Before he decided to sing the body electric, Henrik Fisker liked to re-body Bimmers and Mercs. Today's Nice Price or Crack Pipe Latigo may be an über rare example of his small body of work, but is its price electrifying?
Yesterday's candidate may have once been a Fairlady, and a topless one at that, but for 57% of you it didn't come with a fair price. It also seemed, horror or horrors, that the custom '82 280ZX's automatic gearbox was even more of a no trespassing sign than either its price or its questionable provenance.
There's nothing questionable about the pedigree of today's car, as it at once melds some of the best of modern mechanicals with a body design penned by arguably one of the most applauded of contemporary automotive stylists. Henrik Fisker graduated from the Art Center College of Design in La Tour-de-Peilz, Switzerland in 1989, and immediately landed a cushy gig at BMW. Since then, he has jumped to Aston Martin, Ford, and then his own coachbuilding/electric car business. A look at his resume shows that in his wake he has left a litany of beautiful cars in the same way James Bond does comely women. The BMW Z8, Aston Martin DB9 and V8 Vantage, Ford Shelby GR1 showcar, and his current electric dream, the Karma, all represent designs that aren't just achingly beautiful, but that also ‘look right.' Sure Chris Bangle may be bold and forward-looking in the investigation of new styling dialogs, but hey, some of his stuff seriously brings on the fug.
Interestingly, today's Fisker Latigo CS was an opportunity for the two designers to sort of meet in the metal, and in this case for Fisker to get the final word. In between returning Aston Martins to their rightful place as objets d'art, and introducing his Karma chameleon electric luxury car, Fisker built a very limited number of coachbuilt tourers, based on existing high-zoot cars. Fisker Coachbuild's initial offerings were the Mercedes SL-based Tramonto, and the BMW 6-series (E63) Latigo. Only 150 of each were to be produced, and at more than two hundred grand a piece their target audience would appreciate that exclusivity.
The Latigo maintained the donor BMW's glass, doors, and much of the interior, while modifying everything else with aluminum, steel and lots of carbon fiber to keep it regular. This one happens to be based on the snarling mile-eater M6, and sports a modified version of the BMW V10 under its re-shaped hood that is said to be good for an eye watering 648-bhp.
I'll wait a moment for that to sink in.
Not only does this Latigo rock more ponies than a Chincoteague wet dream, but its transmission is likewise over the top, sporting a Spinal Tap-esque 7 forward speeds. That's a manu-matic with flappy paddles behind the leather wrapped and Fisker embossed steering wheel so you automatic haters will be able to take a half day off.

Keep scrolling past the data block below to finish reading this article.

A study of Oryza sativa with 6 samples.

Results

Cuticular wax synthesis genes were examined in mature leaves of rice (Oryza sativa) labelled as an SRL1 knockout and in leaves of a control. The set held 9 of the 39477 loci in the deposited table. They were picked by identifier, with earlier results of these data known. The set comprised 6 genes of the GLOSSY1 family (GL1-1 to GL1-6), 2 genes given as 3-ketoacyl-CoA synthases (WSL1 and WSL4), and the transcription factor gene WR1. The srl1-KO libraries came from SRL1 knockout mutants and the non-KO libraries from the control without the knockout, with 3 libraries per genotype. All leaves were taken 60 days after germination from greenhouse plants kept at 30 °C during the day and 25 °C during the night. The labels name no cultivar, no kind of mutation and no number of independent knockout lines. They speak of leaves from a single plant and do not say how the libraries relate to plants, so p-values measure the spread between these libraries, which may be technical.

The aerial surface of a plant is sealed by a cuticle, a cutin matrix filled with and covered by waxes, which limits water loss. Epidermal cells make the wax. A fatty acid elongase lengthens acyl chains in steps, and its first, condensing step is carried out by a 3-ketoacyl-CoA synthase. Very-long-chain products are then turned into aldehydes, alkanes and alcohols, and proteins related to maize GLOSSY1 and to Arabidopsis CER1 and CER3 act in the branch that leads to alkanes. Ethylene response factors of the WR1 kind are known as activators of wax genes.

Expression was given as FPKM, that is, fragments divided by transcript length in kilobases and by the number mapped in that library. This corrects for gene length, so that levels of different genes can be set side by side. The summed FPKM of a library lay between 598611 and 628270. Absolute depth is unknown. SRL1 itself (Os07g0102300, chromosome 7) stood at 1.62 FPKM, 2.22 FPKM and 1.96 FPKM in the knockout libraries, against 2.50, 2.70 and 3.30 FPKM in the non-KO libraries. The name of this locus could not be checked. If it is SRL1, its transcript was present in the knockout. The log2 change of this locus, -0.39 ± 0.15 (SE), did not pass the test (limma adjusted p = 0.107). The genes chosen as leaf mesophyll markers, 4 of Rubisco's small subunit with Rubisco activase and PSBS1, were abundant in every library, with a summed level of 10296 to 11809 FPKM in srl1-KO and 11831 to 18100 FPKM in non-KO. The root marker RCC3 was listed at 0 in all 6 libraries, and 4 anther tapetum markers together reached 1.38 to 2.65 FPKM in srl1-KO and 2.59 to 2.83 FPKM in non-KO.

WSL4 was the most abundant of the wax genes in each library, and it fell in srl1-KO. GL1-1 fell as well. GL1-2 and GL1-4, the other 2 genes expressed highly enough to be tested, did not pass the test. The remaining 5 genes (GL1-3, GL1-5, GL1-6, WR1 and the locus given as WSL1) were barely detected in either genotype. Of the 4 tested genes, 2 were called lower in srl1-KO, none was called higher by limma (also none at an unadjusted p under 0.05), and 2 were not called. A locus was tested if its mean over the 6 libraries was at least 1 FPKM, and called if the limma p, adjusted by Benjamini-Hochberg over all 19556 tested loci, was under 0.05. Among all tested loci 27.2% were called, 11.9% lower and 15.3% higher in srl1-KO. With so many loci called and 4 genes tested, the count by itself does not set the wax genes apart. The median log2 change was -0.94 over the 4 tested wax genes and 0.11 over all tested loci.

The rest of the interior is also covered in the kind of leather that's so buttery soft that touching it may elicit impure thoughts of its bovine provider. The textures and color covering the parts you likely would touch in the interior exemplify its no compromise origin. There's a lot of M6 in here, but also enough change that it will still feel like a special place to be, and even after 5 years and 19,000 miles it still looks - and probably smells - like Henrik's craftsmen just finished stitching it together.
Outside, the wheels are bespoke 10-spoke 20" alloys, behind which preen massive cross-drilled disc brakes. Wrapping the wheels are rubber bands disguised as tires, and the whole thing slots into wheel wells that feature simple but generous flares which break the swage line and roll into bumperless end caps. Fisker used these cars to develop his grille treatment, which continues on the Karma, and it's best described as being reminiscent of Anonymous' mustache in V for Vendetta. The car's silver paint lends it an appearance of being carved from a single block of that precious metal, and continues the impression that this Latigo is like-new.
If it were like new, it would probably sport a price tag that's a nose bleed away from the heady heights of three hundred thousand clams. As it is the asking price is still in the stratosphere at $95,900. Yes, that's a lot of Miatas. And yes, neither you nor I could afford that, even if we, together, managed to sell both of your kidneys. But this isn't about us. It isn't even about you spending your remaining days hooked to a dialysis machine. The question here is whether this super rare super car is worth a super premium $95,900. So even if you can't afford it, do you think that's a decent price for someone who could? Or, is this a Latigo to which even the rich should just say no?